Dear Jobseeker: Do you think your cover letter is boring? This might help.
Friday, 28th June 2019 at 4:16 pm
Getting your cover letter right could set you up for nailing down a great job. We asked Lisa Morell, chief associate from NGO Recruitment, for her five hot tips on writing a letter that helps you stand out from the crowd.
Don’t use the same letter for every job you’re applying for
This is the first thing you have to think about when starting out with your job application. Handing in a generic template-letter is one of the best ways you can guarantee your application ends up in the bin.
“Use a new cover letter for every single application you make, don’t just regurgitate something from a template,” Morell says.
The opening paragraph is your make or break
Telling your prospective employer in the first few sentences why you’re applying for the job, and what you think about the work of the organisation, is vital.
“At the moment, I’m recruiting for an animal welfare organisation, and I’m getting some incredible cover letters from people that make it really clear straight away that they’re an animal activist,” she says.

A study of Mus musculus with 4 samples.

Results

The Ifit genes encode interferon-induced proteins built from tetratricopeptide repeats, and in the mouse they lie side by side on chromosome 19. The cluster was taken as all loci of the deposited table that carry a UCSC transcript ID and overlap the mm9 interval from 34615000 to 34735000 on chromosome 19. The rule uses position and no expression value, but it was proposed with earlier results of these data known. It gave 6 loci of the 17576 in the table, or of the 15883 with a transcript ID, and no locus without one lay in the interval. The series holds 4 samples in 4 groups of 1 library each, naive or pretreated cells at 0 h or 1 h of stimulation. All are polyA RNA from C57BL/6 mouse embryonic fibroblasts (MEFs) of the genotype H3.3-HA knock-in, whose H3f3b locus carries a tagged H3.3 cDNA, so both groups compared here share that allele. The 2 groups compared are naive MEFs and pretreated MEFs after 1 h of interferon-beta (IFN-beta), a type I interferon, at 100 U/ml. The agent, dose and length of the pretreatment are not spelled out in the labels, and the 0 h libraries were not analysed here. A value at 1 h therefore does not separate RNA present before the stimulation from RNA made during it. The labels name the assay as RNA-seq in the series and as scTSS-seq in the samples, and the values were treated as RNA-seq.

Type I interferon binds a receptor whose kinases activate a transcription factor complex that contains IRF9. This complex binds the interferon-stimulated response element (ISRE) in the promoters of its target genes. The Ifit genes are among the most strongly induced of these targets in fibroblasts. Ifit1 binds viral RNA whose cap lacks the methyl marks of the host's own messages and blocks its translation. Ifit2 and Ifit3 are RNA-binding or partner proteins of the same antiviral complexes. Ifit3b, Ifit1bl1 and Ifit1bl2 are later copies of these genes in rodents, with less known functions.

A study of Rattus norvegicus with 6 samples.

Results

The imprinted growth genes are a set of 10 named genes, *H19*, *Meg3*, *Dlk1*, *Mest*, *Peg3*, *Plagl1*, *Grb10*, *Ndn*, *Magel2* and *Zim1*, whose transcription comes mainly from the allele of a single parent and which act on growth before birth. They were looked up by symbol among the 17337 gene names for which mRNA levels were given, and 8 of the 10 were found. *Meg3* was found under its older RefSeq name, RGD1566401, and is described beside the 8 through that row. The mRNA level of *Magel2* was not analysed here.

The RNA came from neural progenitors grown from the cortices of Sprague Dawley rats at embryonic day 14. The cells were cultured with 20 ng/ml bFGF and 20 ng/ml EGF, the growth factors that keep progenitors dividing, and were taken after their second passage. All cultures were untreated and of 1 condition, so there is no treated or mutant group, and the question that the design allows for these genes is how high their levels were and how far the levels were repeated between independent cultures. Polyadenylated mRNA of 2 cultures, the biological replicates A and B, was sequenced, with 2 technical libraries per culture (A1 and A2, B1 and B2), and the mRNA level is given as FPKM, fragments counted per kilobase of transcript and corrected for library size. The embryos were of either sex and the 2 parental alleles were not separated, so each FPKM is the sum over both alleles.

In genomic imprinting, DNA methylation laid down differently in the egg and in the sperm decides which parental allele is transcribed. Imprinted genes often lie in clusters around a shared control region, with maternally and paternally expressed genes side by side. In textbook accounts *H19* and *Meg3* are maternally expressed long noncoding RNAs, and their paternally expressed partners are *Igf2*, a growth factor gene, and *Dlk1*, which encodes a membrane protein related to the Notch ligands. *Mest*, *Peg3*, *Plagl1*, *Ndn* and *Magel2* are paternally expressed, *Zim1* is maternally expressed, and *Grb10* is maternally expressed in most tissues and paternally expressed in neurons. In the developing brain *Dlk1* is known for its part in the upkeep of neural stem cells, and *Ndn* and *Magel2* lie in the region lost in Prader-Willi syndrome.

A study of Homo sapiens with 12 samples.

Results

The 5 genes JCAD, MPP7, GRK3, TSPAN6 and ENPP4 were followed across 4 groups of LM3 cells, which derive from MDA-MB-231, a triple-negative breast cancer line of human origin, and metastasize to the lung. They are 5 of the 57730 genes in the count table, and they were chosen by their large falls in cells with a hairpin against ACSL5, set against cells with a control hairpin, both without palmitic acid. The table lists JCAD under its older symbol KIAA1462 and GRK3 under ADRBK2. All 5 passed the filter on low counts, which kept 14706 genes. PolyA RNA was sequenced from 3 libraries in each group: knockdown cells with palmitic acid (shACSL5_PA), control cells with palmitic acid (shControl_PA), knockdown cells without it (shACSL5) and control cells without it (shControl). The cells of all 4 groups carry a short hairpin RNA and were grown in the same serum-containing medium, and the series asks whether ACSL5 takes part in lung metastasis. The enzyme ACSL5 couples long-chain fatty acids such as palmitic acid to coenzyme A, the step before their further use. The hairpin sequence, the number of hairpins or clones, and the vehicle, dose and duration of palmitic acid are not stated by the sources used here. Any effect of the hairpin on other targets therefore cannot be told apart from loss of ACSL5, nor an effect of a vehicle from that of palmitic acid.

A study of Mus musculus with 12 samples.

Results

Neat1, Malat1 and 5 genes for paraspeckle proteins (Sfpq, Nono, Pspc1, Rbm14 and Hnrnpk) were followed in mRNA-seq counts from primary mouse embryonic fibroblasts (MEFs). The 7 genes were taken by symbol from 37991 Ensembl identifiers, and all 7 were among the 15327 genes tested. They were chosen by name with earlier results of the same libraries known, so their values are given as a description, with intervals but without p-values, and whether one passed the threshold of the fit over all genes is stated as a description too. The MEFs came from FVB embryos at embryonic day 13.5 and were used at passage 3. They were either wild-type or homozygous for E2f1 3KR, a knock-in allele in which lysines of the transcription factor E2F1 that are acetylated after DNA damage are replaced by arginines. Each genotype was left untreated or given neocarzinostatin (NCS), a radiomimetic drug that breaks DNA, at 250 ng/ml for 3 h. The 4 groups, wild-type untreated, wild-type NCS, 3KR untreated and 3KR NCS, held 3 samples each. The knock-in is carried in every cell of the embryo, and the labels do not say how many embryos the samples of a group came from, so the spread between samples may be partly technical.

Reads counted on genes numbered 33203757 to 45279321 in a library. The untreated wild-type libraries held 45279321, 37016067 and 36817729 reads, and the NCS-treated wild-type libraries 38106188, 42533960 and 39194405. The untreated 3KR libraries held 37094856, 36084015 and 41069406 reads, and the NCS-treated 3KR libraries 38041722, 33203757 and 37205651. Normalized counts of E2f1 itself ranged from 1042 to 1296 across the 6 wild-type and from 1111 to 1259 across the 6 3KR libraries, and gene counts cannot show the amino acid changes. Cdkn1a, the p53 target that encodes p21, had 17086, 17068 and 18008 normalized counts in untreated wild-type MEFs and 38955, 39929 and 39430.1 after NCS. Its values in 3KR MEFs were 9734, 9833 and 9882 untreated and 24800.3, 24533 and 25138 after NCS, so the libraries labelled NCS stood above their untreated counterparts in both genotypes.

“They also have a really great understanding of the work that the organisation does and are really passionate about the cause.”Either there are no banners, they are disabled or none qualified for this location!
Tell them why you’re good… in detail
Even if a job doesn’t ask for selection criteria, most of the time job ads will outline the skills required for the jobs. And if they aren’t asking for any of this, it’s still important to tell them what skills you can offer in specific detail.
“Rather than just saying you’re organised and a creative person, you need to say, I have database experience in this area, and I have had success in this fundraising campaign,” Morell explains.
Short and sweet is the answer
For Morell, two pages tops are all you need to get your point across in a cover letter.
“Some people write 13 page cover letters and no employer is ever going to read that, so just keep it short and sweet,” she says.
Don’t try and be tricky with who you’re sending your application into
Found the hiring manager’s email address? Unless the application actually says to send it directly to them, don’t do it. Instead of getting ahead of the pack, it could just mess up your chances of it even being read.
“A lot of people think it’s really cute to find the email address of the hiring manager and send out directly,” she says.
“But the problem is it doesn’t go into their recruitment tracking system and the applications might get lost. So make sure you apply the way they’ve asked you to apply.”